A Virtual Relationship Building Skills While Generating Evidence

By Bridgit Adamou, MPH. Read about MEASURE Evaluation's small grants program, which helped fill much-needed evidence gaps in family planning and give a boost to USAID’s aim for countries to have stronger capacity for rigorous research.

By Bridgit Adamou, MPH, MEASURE Evaluation

What began in 2009 as a pilot program for the United States Agency for International Development (USAID), became a cost-effective way to do two things at once—fill much-needed evidence gaps in family planning and give a boost to the agency’s aim for countries to have stronger capacity for rigorous research.

I was the administrator for the small grants program through MEASURE Evaluation, funded by USAID. Over 10 years, we used three funding streams to award 47 grants, 34 of which were focused on family planning. It was a win-win-win: USAID received “bang for the buck” in terms of cost-effective and valuable research; the grantee organizations obtained scarce funding to gain research experience; and I was able to collaborate with local researchers and watch these organizations grow.

What I liked best were the relationships I built with the grantees. I have only met four of them in person, so it was almost exclusively a virtual relationship. And part of why that worked is because I’m married to a Nigerien and have lived in a low-resource country. For both those reasons, I absorbed a value that the personal comes before the professional. The grantees and I shared information about our lives—they knew when I went home to visit my family; I knew when they had babies or were looking for a new job. I would send photos and they would do the same.

Aside from the personal rewards, the small grants program offered an amazing experience for these professionals and their organizations. Opportunities to conduct this kind of research are largely unattainable, both technically and financially, by people living in the very countries being studied. In fact, an analysis in The Lancet found that although 92 percent of journal articles on health research were about interventions in low- and middle-income countries (LMICs), only 35 percent of the authors of those articles were from LMICs.

Small grants to conduct in-country research are one mechanism to address that disparity and provide financial support for family planning research in LMICs. Our program had three specific aims:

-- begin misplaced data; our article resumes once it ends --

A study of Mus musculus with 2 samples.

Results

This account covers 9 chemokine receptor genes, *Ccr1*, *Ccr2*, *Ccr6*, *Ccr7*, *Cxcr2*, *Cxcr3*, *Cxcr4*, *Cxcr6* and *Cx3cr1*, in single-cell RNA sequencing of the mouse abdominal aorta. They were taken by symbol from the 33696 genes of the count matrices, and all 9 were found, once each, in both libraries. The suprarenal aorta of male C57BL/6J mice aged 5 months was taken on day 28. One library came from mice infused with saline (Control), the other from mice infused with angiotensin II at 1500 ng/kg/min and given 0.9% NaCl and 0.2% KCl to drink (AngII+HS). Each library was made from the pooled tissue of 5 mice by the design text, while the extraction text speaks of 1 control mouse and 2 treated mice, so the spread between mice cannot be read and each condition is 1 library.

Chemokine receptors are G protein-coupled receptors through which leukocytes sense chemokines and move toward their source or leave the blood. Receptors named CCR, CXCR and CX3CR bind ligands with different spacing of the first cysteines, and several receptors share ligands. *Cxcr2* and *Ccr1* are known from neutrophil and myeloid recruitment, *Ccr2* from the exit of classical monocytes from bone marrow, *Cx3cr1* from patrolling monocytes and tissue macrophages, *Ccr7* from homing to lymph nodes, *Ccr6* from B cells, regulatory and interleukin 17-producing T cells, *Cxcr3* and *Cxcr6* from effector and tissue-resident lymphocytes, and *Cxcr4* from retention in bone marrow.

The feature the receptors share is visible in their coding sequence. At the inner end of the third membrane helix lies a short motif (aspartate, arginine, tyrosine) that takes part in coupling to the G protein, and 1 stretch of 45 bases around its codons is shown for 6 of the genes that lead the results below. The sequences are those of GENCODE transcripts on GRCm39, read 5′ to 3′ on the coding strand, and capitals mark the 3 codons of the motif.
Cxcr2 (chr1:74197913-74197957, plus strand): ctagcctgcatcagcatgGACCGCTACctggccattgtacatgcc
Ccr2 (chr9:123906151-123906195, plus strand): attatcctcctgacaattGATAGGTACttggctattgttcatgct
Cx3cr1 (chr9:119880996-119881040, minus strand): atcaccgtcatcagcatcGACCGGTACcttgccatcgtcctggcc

• Address research gaps in routine health information systems for family planning and reproductive health that could inform policy and program decision making
  • Build research capacity among local agencies
  • Increase the use of research findings by providing an opportunity for data to be disseminated to and used by local stakeholders

Capacity strengthened

This was a unique program for MEASURE Evaluation because it was very grassroots-oriented. While some grantee organizations and university departments were well-staffed and well-established, others were nascent and small. I found it gratifying to work directly with researchers putting research theory into practice and strengthening their research, management, and writing skills.

For example, even the application process to win a grant was rigorous. We required the applicants to identify how their proposed study would fill a research gap, explain their research methods, describe how they would share their research finding, and outline a budget. When we were selecting the winners, we also looked at their professional experience and how they answered their own research question. We selected some knowing that while they wouldn’t need much technical assistance, they would conduct a journal-worthy study. For others, we knew their research might not be amazing or groundbreaking, but we felt the collaboration could significantly strengthen their research capacity.

Always, there were challenges. Many organizations didn’t have good Internet connectivity. For the study team leads, it was not uncommon for the research to be a second or third job—for instance, they might be a teacher, a physician, and a grantee. Challenges with weather or obtaining local approvals often delayed their data collection in the field. Our management system expected deliverables on time, but it was not uncommon for grantee deliverables to be late because of the constraints the grantees experienced. There’s often a disconnect between our reality here in the United States and the reality they’re dealing with.

The successes were, therefore, something to celebrate. For example, for a group in South Sudan, the grant was their organization’s first research award and, afterwards, they won two more research grants from big donors—one of them to study Ebola.

We had a grantee from Tanzania who had applied for our family planning grant three times and finally submitted a winning proposal on the fourth try. Part of why they were funded was due to the earlier work we had done with them for our HIV-focused small grants. With the feedback and coaching we had provided, the proposal was now in a different league; they had learned to think things through.

In my view, issuing small grants is a successful strategy for generating evidence and supporting USAID’s Journey to Self-Reliance, which aims to strengthen local capacities. The small grants model facilitates sustainability by working through host-country institutions to research relevant family planning issues, disseminate findings and recommendations to local researchers and decision makers, and help develop solutions for improving family planning outcomes. 

Find results from small grants studies at www.measureevaluation.org/our-work/capacity-building/small-grants-program.